Light Years book review

Light is utterly fascinating. Recently, I've developed the sneaking suspicion that reality is just light. Although physicists talk extensively about subatomic particles such as neutrons, protons, neutrinos, muons, electrons etc, as far as I can tell, none of these subatomic particles can be directly detected or observed. All we ever see are light patterns. Although subatomic particles could still exist, their existence is actually only inferred from light phenomena; it is hypothetical. According to the strict rules of science, the existence of subatomic particles should therefore only regarded as an idea, not as a fact, which is a fascinating idea in itself.

Brian Clegg doesn't mention this idea in his book. Instead, he takes the reader on a historical journey, tracking the development of our understanding of light from Ancient Greece all the way to the latest manipulations of light in the laboratory. It's a fun journey and Clegg writes very well. I'd personally liked to have read about light on a galactic scale more, and the Big Bang. I'd also liked to have seen more diagrams - there are only a smattering of them in the book - and the book sometimes feels like a long string of light (as in potted) descriptions of famous scientists, from Newton to Feynmann, but it's still an enjoyable read. I especially enjoyed Clegg's description of Quantum Electro-Dynamics or QED, the theory that won Feynmann a Nobel prize (pg234 onwards in the book). Richard Feynmann is famous partly for his diagrams that visually describe the physics of quantum interaction.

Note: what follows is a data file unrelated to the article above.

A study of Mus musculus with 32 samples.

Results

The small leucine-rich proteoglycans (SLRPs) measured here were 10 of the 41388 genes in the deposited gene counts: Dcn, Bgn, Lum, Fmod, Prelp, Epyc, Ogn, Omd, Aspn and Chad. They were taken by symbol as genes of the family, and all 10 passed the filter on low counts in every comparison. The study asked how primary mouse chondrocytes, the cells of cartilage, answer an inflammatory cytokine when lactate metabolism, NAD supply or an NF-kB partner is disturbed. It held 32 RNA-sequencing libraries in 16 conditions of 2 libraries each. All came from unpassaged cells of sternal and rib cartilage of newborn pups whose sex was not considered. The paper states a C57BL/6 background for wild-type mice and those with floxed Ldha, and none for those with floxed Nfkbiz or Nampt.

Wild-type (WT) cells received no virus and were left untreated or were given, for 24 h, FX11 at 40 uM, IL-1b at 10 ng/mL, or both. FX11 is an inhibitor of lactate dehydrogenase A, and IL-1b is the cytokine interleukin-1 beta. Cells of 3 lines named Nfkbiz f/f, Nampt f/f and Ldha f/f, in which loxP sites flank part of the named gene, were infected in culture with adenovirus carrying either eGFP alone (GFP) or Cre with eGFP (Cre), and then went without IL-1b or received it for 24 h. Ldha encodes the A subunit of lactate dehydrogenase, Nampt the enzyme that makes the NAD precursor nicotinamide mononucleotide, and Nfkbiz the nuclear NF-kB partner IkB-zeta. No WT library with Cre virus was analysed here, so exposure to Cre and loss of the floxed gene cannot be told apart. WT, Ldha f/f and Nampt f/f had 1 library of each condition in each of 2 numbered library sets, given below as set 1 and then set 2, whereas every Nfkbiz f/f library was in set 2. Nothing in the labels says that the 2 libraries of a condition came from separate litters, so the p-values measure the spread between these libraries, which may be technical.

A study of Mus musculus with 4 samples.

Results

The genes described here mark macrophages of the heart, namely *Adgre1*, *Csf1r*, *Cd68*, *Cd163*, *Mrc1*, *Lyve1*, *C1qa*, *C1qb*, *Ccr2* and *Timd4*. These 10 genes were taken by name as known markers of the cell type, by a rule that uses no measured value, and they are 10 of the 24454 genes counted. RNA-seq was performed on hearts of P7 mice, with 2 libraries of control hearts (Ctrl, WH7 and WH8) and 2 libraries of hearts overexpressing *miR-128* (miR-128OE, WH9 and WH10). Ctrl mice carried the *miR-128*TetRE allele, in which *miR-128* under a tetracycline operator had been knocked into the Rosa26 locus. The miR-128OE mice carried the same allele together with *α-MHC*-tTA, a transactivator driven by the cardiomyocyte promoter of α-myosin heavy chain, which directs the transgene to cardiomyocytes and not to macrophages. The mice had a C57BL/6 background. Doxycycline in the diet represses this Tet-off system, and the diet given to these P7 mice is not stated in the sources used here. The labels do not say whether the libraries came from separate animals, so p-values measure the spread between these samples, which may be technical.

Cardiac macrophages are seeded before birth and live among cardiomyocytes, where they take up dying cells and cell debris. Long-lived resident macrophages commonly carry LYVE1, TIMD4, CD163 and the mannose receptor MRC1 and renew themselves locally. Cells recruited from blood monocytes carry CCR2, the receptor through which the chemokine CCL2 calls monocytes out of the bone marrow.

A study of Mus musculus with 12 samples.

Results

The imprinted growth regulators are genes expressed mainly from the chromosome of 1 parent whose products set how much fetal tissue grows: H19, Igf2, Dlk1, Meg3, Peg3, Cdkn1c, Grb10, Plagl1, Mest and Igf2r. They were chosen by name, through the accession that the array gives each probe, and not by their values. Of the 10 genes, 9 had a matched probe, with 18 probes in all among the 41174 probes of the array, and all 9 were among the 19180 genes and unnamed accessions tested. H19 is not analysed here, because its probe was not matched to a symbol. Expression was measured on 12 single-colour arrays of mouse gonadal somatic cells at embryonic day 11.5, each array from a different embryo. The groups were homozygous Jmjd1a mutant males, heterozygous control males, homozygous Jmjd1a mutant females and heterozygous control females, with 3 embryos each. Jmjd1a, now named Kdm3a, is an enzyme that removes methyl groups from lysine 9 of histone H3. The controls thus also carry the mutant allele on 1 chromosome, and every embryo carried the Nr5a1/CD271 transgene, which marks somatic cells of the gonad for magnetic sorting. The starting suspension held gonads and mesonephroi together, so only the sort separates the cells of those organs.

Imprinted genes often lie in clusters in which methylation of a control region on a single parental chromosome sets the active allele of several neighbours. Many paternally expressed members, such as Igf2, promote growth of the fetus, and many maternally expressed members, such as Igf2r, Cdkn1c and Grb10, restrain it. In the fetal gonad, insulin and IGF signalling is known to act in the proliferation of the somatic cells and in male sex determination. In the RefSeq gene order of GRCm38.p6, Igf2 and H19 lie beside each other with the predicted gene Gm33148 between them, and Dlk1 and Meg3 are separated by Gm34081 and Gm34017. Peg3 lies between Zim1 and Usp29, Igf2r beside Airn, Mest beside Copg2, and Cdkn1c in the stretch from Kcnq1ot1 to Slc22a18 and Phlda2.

As Clegg's book succinctly points out, Feynmann's QED produces a new and interesting way to look at the atom. The traditional depiction of the atom is electrons orbiting a nucleus, but this is completely untrue, as the components of an atom aren't 'physical things moving' in the normal sense. Instead, the atom is a quantum pattern of elements. QED shows us that it is more accurate to view the atom as an intense pattern of light paths connecting its constituents. It is this light activity in the atom, according to Feynmann, that prevent the electrons from 'spiralling into the nucleus', attracted by the positive charge of the nucleus's protons.

But if this is true, then there is another way of looking at the atom. If subatomic particles don't truly exist, then atoms are actually intense light patterns whose nodes - the event points connecting those light paths - are being called 'particles' when they are no such thing; they are only quantum connections or nodes in that light pattern. In this way, the idea of particles is purely a mental legacy of Classical Physics. Clegg writes in his book:

"In all of light's behaviour, except for flying along in a straight line, it's interacting with matter. To be specific, it's thanks to a charged particle like an electron that a photon of light begins or ends its life."

But this description can be flipped around. It is just as valid to say that: 'an electron is the name we give to a type of quantum connection or end-event in the light-path pattern.'

I'm going off on a tangent here; apologies! Returning to the book review, I definitely enjoyed Brian Clegg's 'Light Years' and I heartily recommend it.